A local nonprofit is accepting applications for a program in which volunteers are trained on protecting local waterways.
The St. Paul-based Freshwater Society is accepting applications for its Master Water Stewards program through Sept. 30. Participants learn about water-related topics, lead a community-outreach event and complete a capstone project.
The goal of the program is to create local expertise and get landowners to install community projects on their properties, program coordinator Deidre Coleman said.
“This program is dedicated to helping that stormwater runoff from private properties,” Coleman said. “We’re trying to infiltrate that stormwater runoff into the ground, before it can run off into our storm sewers.”
Stormwater runoff is responsible for carrying a majority of pollutants into surface waters, Coleman said. That can lead to excessive nutrients in lakes and other water bodies and cause overly dense plant growth, creating poor environments for wildlife and recreation.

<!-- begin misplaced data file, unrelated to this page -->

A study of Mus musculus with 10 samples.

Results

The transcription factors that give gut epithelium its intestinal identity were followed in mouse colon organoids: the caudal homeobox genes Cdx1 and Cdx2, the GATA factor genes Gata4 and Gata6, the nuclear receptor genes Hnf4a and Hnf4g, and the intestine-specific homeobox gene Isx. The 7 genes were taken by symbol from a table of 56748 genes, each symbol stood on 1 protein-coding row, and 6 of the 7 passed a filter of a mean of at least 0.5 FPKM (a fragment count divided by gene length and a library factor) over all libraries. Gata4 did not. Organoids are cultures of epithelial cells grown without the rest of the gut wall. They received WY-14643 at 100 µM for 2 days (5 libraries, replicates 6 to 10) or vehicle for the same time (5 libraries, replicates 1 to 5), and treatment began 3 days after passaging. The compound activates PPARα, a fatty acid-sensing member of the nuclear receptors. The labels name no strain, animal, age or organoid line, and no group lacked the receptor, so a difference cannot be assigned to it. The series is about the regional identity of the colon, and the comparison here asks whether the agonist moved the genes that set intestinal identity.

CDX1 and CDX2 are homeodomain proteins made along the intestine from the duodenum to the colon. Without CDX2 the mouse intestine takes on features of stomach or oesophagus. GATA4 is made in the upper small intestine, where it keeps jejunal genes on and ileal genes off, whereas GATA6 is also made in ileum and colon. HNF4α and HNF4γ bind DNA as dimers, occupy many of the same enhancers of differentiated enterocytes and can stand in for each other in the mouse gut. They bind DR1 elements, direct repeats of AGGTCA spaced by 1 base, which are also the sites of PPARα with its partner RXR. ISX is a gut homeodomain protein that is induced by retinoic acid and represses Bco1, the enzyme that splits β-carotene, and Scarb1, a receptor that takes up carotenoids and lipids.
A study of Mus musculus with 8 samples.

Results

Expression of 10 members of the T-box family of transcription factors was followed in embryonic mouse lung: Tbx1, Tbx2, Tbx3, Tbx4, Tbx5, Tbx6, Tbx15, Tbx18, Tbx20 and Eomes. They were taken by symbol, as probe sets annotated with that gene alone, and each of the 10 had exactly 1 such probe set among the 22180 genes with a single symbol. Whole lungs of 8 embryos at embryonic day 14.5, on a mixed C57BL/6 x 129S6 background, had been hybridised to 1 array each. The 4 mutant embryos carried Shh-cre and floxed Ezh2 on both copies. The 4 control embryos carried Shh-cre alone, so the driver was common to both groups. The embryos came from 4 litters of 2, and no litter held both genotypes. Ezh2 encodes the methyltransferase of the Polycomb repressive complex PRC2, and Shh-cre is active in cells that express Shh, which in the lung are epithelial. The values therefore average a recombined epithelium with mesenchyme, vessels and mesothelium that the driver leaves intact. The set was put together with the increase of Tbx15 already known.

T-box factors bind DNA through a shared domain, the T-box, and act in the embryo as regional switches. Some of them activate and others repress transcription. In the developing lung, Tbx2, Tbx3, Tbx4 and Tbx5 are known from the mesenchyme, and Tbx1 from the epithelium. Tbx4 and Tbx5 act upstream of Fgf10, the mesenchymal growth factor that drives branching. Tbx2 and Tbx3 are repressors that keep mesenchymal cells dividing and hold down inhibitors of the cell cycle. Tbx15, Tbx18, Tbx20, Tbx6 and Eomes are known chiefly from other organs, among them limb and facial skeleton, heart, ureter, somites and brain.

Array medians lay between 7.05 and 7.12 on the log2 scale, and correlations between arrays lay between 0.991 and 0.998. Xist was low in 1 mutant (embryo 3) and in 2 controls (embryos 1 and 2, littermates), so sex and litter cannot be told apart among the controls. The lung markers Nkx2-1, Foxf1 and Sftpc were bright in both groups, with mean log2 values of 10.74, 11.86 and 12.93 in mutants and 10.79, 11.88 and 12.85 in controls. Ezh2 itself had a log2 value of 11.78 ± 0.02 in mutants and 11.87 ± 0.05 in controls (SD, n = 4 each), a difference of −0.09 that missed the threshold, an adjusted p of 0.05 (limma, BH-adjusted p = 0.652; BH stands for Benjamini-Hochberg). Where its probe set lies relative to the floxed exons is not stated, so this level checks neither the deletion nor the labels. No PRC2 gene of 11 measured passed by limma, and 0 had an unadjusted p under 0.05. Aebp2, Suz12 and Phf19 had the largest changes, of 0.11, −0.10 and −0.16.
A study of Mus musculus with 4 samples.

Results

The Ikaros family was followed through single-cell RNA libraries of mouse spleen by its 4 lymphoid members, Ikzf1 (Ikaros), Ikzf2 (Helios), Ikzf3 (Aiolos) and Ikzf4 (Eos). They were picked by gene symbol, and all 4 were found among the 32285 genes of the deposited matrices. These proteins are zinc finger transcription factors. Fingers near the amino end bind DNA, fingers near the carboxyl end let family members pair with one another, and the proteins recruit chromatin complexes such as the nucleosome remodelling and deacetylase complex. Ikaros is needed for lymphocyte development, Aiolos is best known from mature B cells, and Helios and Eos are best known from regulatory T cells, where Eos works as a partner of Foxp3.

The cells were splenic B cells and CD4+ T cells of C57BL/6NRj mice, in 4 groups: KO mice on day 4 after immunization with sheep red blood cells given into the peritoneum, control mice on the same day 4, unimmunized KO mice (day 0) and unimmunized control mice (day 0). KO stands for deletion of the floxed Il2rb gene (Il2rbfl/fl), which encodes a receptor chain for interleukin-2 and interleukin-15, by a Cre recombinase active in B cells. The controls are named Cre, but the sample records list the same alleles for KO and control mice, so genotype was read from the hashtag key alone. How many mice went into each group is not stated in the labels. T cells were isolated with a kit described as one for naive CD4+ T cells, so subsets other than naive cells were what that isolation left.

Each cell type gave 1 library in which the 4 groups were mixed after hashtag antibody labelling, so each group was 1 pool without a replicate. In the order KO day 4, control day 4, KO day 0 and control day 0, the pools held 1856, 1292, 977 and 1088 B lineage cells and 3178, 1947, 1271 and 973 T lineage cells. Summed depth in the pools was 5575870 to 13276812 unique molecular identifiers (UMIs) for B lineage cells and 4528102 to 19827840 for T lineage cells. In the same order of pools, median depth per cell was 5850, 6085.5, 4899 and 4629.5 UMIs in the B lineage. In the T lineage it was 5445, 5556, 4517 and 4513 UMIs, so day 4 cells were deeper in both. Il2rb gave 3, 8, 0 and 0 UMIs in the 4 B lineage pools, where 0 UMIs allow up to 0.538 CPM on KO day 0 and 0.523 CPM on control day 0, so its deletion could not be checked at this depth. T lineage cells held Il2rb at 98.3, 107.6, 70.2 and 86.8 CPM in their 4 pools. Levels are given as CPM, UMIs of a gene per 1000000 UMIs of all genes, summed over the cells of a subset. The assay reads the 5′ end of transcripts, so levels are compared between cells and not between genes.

Over 70 percent of land in Minnesota is privately owned, according to Coleman, hence the society’s emphasis on spurring private action.
Master water stewards learn about topics such as hydrology, water policy and stormwater planning during the in-person classes. They are required to complete water-management project, 50 hours of community service in their initial year after certification and at least 25 hours each subsequent year.
The Freshwater Society developed the program in 2013 and has certified more than 140 master water stewards in the past four years. Those volunteers have completed or planned 81 projects and have removed more than 540 pounds of sediments each year from Minnesota’s natural waters.
The Freshwater Society partners with about 16 local government units on the program, including the Minnehaha Creek Watershed District and Mississippi Watershed Management Organization.
Visit masterwaterstewards.org to learn more or apply.